Each goat herd is unique in its combination of breed, age, local climate, prevalent pathogens, and other elements that influence health. Your health care plan must therefore fit your particular situation and cannot be developed by blindly following a formula created for another herd elsewhere.
What Is Most Important In Goat Health?
The most important health care measure is disease prevention, which must start when you acquire your first goats. Purchase only healthy animals. If you feel unsure about how to tell a healthy goat from a sick one, take along an experienced person to coach you. You’ ll avoid a lot of future expense and heartbreak.
Sickness in goats is usually caused by poor handling. Good management includes protecting your goats from illness and watching for early signs of problems. Take care not to allow your goats to become crowded, because crowding causes stress and stress decreases resistance to disease. If your goats regularly come into contact with others outside your herd, you will need a stronger routine health care program and greater attention to keeping vaccinations current than someone whose herd is isolated from other goats that
may potentially be unhealthy.
The health care routine for all goats should include weighing, hoof trimming, and regular deworming, as well as vaccinations and booster shots as determined
by diseases that are prevalent in your area. Consult your veterinarian and local goat owners to develop a suitable health care program for your herd.
Valid Reasons To Know The Weight Of Your Goats
Each time you have a goat confined for hoof trimming, weigh it and record the date and weight on a chart. Your weight records will tell you if a young goat is growing properly, a young doe is big enough to breed, or a pregnant doe is getting enough to eat. Loss of weight is often the first sign something is wrong.
When a goat gets too heavy to lift onto a scale, the best you can do is estimate its weight. Even though the estimate is not 100 percent accurate, it will tell you whether the animal is gaining or losing weight. To
estimate a weight, measure the goat’ s heart girth— the distance around the goat’ s middle, just behind its front legs, over its heart. Have the goat stand on a level
surface with its legs solidly beneath it. Use a dressmaker’ s tape measure or a weight tape from a goat supply catalog. The weigh tape automatically converts heart girth to estimated weight. If you use a dressmaker’ s tape, the chart will help you convert inches to pounds.
Hoof Trimming Is The All Round Health Precaution In Goats
Hooves are made of keratin, the same material your toenails are made of. Like toenails, hooves grow uncomfortably long if they aren’ t trimmed. Wild goats
generally live in rocky areas, where abrasion wears down their hooves as they move around seeking fresh forage. By contrast, when a goat spends its days in a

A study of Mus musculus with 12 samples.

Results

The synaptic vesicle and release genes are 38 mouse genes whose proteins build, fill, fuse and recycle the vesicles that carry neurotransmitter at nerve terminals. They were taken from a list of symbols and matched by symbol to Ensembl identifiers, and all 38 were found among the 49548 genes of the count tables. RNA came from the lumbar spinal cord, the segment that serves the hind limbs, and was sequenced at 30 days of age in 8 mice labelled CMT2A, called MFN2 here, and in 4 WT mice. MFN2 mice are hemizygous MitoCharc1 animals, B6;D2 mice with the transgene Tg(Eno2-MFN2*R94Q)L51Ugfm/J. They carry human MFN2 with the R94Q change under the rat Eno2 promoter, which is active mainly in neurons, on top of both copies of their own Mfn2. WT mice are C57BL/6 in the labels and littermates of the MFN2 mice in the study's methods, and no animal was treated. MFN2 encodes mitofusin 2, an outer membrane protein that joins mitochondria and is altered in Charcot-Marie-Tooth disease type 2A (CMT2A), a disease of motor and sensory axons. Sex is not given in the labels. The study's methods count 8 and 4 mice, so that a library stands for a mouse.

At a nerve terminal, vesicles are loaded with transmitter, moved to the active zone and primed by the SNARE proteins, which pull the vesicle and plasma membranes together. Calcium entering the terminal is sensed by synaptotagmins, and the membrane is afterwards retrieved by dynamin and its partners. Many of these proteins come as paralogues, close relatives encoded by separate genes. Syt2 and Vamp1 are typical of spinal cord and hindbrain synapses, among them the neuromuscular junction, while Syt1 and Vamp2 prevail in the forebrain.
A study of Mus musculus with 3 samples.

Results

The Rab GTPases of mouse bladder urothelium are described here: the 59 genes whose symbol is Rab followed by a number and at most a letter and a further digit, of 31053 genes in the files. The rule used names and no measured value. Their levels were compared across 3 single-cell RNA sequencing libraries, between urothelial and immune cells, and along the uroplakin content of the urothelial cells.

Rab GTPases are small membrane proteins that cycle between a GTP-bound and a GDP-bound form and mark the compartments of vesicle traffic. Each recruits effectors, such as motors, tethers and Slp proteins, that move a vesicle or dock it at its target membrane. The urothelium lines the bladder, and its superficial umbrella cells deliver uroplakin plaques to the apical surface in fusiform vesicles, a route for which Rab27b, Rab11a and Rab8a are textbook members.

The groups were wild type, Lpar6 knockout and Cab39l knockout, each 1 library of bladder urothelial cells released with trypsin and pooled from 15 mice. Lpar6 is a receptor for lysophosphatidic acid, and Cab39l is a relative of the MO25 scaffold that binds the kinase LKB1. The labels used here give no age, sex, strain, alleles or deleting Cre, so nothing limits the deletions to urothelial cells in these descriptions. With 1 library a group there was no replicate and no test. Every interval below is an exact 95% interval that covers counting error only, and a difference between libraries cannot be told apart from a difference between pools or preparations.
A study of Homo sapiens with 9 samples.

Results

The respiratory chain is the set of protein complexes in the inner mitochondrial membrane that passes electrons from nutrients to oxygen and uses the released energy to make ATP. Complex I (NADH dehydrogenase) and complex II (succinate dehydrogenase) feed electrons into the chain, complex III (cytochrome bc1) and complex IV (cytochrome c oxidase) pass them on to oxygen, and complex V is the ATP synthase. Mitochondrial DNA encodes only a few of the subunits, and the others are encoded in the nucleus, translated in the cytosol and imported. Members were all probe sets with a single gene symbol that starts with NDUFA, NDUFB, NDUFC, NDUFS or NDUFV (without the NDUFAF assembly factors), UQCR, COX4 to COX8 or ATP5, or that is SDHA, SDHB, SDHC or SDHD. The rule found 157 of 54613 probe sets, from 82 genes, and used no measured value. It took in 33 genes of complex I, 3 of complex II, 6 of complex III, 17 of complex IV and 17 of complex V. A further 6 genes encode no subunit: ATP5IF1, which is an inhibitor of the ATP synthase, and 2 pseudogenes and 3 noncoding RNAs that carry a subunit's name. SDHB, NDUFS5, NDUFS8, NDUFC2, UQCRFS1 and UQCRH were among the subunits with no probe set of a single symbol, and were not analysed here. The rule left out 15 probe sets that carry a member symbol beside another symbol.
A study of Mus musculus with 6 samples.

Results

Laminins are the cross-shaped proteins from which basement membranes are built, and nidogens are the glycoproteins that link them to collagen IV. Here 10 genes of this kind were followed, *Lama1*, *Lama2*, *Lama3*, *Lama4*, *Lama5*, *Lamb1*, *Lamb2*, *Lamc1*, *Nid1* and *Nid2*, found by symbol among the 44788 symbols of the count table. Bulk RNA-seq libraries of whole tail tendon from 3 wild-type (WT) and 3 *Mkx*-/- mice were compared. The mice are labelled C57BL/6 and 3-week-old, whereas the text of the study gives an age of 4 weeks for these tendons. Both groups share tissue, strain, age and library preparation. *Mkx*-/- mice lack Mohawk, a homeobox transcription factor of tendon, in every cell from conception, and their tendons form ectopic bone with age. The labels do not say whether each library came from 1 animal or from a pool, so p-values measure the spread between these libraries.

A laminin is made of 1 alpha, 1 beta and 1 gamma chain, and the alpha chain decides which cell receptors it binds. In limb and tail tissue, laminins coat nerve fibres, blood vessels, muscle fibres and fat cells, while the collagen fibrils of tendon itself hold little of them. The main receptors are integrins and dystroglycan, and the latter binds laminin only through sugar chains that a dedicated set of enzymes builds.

barn or on pasture, its hooves keep growing. Unless they are trimmed, eventually the goat will be unable to walk properly. Hooves left untrimmed for too long fold
under, trapping dirt and moisture that create an ideal environment for bacteria that can cause foot rot. Excessive growth also alters an animal’ s stance,
eventually crippling the animal permanently.
How To Learn To Trim Your Herd
To learn what a properly trimmed hoof looks like, study the feet of a newborn kid. Note how its hooves are flat on the bottom and look boxy. When a hoof has been properly trimmed, the bottom is parallel to the growth rings and the two toes are of equal length.
How often you need to trim hooves depends on how fast they grow. Some hooves need trimming every two weeks; others may not need to be trimmed more often than every two months. For many goats, the rear hooves need trimming more often than the fronts. The rate of growth of a particular goat’ s hooves is a result partly by genetics and partly by environment.
Like wild goats, domestic goats can wear off some hoof growth if they have access to an abrasive surface, such as a rock outcrop or a concrete pad on which to play. A goat that is not used to having its hooves trimmed may struggle and kick. Avoid this problem by training kids to the procedure early and by continuing to check and trim hooves often throughout each animal’ s life. Frequent trimming of small amounts at a time is easier than infrequent major trimming. You will need a pair of sharp shears, such as good garden pruning shears or shop snips, or a hoof trimmer designed specifically for the purpose and available from any livestock supply store or catalog. Keep the shears sharp by periodically filing them.
Signs of Ill Health Among The Goat Herd
Take time to study your goats while they are healthy so you will readily notice any changes in the way they look, eat, move, or smell. The sooner you realize a goat is getting sick, the quicker you can do somethingabout it, and the greater the chance it will recover. Notice the size, shape, firmness, color, and smell of your goats’ droppings. Any change may indicate a poor dietary balance, the beginning of a disease, or an infestation of parasites. Parasites may be internal, such as worms and coccidia, or external, such as lice and tick.
Listen for teeth grinding, a sign the goat is in pain. Look for changes in the color of the gums and the lining around the eyes. These areas should be bright pink. If a goat is in shock or has lost blood (for instance through a parasite overload), these areas may turn pale. A purple or blue color may indicate damaged airways or other breathing problems. If the color is pale gray or blue and the goat has a hard time breathing, call your vet immediately.
be keen in observing your goats breathing and the colour of the airways, these are the basic health indicators.